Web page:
Publicizing the King
Everyone knows Thin Elvis versus Fat Elvis. Young Elvis versus Old. Gold Lamé versus White Rhinestone. Hungry versus Campy. Elvis By the Presleys, a loose oral history of Presley’s later career and home life, revives another dichotomy: Public Elvis versus Private Elvis. This distinction is nothing new: the division between fame and family has informed almost every work of fiction and biography about the King, as well as most academic studies on the nature of his fame and iconography. Making no pretensions of scholarship or comprehensiveness, Elvis by the Presleys promises a portrait of the private Elvis, and at times provides just that. Says Priscilla: “With all his music and movies, with all the stories surrounding his life, there may never have been a more public man than Elvis Presley. But behind the gates of Graceland, Elvis was an extremely private man who lived an extremely private life.”
A tie-in with a television special/DVD release and CD, Elvis by the Presleys collects stories from the entertainer’s closest family members—former wife Priscilla, daughter Lisa Marie, in-laws Paul and Ann Beaulieu, among others—illustrated with David Ritz’s detailed photographs of everyday objects in the Presley household: a comb, a bottle of Jovan musk aftershave, a pair of his aunt’s glasses, a box of Lisa Marie’s crayons, a prized record player (with the last record he played still lying on the turntable). All are blown up to full-page size and set against a plain white background. It’s a puzzling decision: these images of banal ephemera simultaneously humanize Elvis and canonize him, treating his possessions as holy objects.
Just as no self-respecting visitor remarks on the kitschy décor of Graceland, the book never acknowledges, aside from a few nods from Priscilla to Elvis’s growing notoriety, the blurring between the public and the private lives of the entertainer and never explicitly addresses how Elvis used both sides to manipulate people. He had a flair for grand gestures—like buying Lisa Marie a pony and riding her through the house, or buying a puppy for each member of his entourage, or renting out roller rinks and movie theatres—which, while played out in private, had the scope of public spectacle. Elvis played everything to the rafters.
There seems to be something simultaneously candid and delusional about this book. On one hand, it wants to offer something more substantial than a white washed corporate image of Elvis—an admirable aim. And occasionally it achieves its goal of presenting a nuanced portrait of the King, complete with the fascinating blemishes and disarming vulnerabilities. For instance, in a revealing account of his visit with the Beatles, Priscilla describes his mix of cockiness, fear, and envy: “Naturally he was curious about the Beatles. He respected them. Mostly he respected the way they had achieved their artistic freedom. He saw how they did whatever they liked to do… But Elvis, like all iconic entertainers, was conscious of competitors. He understood that generational idols come and go, and that, for this new generation, the Beatles were the new idols.”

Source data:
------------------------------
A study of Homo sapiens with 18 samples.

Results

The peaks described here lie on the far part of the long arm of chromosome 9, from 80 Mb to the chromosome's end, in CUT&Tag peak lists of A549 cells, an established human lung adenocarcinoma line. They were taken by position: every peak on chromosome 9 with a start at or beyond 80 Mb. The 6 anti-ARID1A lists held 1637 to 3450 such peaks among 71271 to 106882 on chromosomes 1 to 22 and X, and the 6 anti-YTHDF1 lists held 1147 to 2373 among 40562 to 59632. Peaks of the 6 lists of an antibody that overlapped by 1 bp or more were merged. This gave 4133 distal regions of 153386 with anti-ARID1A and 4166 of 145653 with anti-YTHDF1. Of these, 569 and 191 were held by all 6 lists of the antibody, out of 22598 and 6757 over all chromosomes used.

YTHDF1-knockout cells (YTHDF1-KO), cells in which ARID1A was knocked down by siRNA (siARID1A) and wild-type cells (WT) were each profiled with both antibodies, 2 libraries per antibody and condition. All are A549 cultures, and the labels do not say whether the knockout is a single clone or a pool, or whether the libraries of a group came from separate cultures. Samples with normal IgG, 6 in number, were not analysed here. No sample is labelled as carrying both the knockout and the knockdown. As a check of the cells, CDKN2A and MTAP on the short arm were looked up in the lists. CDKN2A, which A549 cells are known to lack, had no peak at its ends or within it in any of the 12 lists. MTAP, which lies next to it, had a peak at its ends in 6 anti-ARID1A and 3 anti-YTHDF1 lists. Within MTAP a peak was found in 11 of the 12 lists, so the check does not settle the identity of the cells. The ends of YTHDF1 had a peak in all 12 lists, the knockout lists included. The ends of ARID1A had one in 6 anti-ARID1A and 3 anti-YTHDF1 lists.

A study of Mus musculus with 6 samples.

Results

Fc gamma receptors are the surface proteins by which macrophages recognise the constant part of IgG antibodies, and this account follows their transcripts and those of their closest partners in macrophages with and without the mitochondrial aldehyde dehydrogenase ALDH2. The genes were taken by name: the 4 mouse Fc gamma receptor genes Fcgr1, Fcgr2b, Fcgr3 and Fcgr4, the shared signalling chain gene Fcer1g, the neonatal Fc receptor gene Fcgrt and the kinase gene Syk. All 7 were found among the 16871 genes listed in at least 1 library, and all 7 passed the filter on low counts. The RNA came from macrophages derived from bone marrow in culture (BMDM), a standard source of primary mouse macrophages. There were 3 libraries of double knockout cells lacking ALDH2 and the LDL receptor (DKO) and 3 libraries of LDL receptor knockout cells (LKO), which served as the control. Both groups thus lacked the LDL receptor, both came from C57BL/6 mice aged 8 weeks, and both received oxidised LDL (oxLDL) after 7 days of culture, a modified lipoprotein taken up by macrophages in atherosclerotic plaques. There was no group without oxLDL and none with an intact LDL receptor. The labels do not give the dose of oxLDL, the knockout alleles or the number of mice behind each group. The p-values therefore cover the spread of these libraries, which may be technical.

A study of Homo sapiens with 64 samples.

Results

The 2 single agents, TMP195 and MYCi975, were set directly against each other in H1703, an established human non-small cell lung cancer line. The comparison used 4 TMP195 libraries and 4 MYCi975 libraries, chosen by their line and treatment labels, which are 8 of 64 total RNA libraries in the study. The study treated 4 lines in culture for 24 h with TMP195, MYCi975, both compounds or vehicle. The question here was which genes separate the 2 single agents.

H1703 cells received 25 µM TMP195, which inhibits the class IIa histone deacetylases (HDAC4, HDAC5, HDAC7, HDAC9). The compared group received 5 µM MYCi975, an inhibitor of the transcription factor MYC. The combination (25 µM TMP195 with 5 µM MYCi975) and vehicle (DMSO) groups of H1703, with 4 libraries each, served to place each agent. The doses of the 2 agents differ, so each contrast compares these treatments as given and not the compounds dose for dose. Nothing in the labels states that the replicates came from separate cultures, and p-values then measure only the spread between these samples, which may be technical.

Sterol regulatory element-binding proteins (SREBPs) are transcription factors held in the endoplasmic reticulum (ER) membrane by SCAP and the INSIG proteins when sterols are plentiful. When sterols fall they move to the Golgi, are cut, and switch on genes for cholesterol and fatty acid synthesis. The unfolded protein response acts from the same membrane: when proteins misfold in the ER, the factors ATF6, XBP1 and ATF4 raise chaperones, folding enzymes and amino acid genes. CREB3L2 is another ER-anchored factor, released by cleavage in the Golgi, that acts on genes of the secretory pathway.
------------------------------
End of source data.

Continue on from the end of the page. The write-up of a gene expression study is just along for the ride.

On the other hand, the people who describe Elvis were so close to him that they have no sense of his scale or the scope of his actions. In fact, the King’s notoriety hinders Elvis by the Presleys: all its private intimations have long been public knowledge. Its participants readily acknowledge Elvis’s celebrity, but they hardly discuss his dubious legacy. As a result, the man seems downright sinister at times: Elvis gives teenage Priscilla uppers to keep her from falling asleep during her grade-school classes. At Graceland, he makes everyone adhere to his insomnia-addled schedule, keeping them on their toes for his sudden whims.
“There were two universes—the normal universe and the universe of Elvis,” Priscilla comments. “Once you got a taste of Elvis’s universe, you didn’t want to leave it. You realized it was a privilege to be invited in and you did all you could to stay there. That meant staying in his good graces. Nothing was more important to Elvis than loyalty.” Elvis had a man’s desires but a boy’s insecurities, which make him fascinating, if creepy.
Ultimately, by making so much of his home and family life public in readily consumable form, Elvis by the Presleys helps to further obliterate the private man, continuing a transition that’s been under way since his first number-one record. The King’s actions have long since reached the level of mythology, and even the smallest, most inconsequential details of his life have been subsumed into the common knowledge of Elvis, a man owned as much by his devoted fans as by his family. The King is dead. Long Live the King.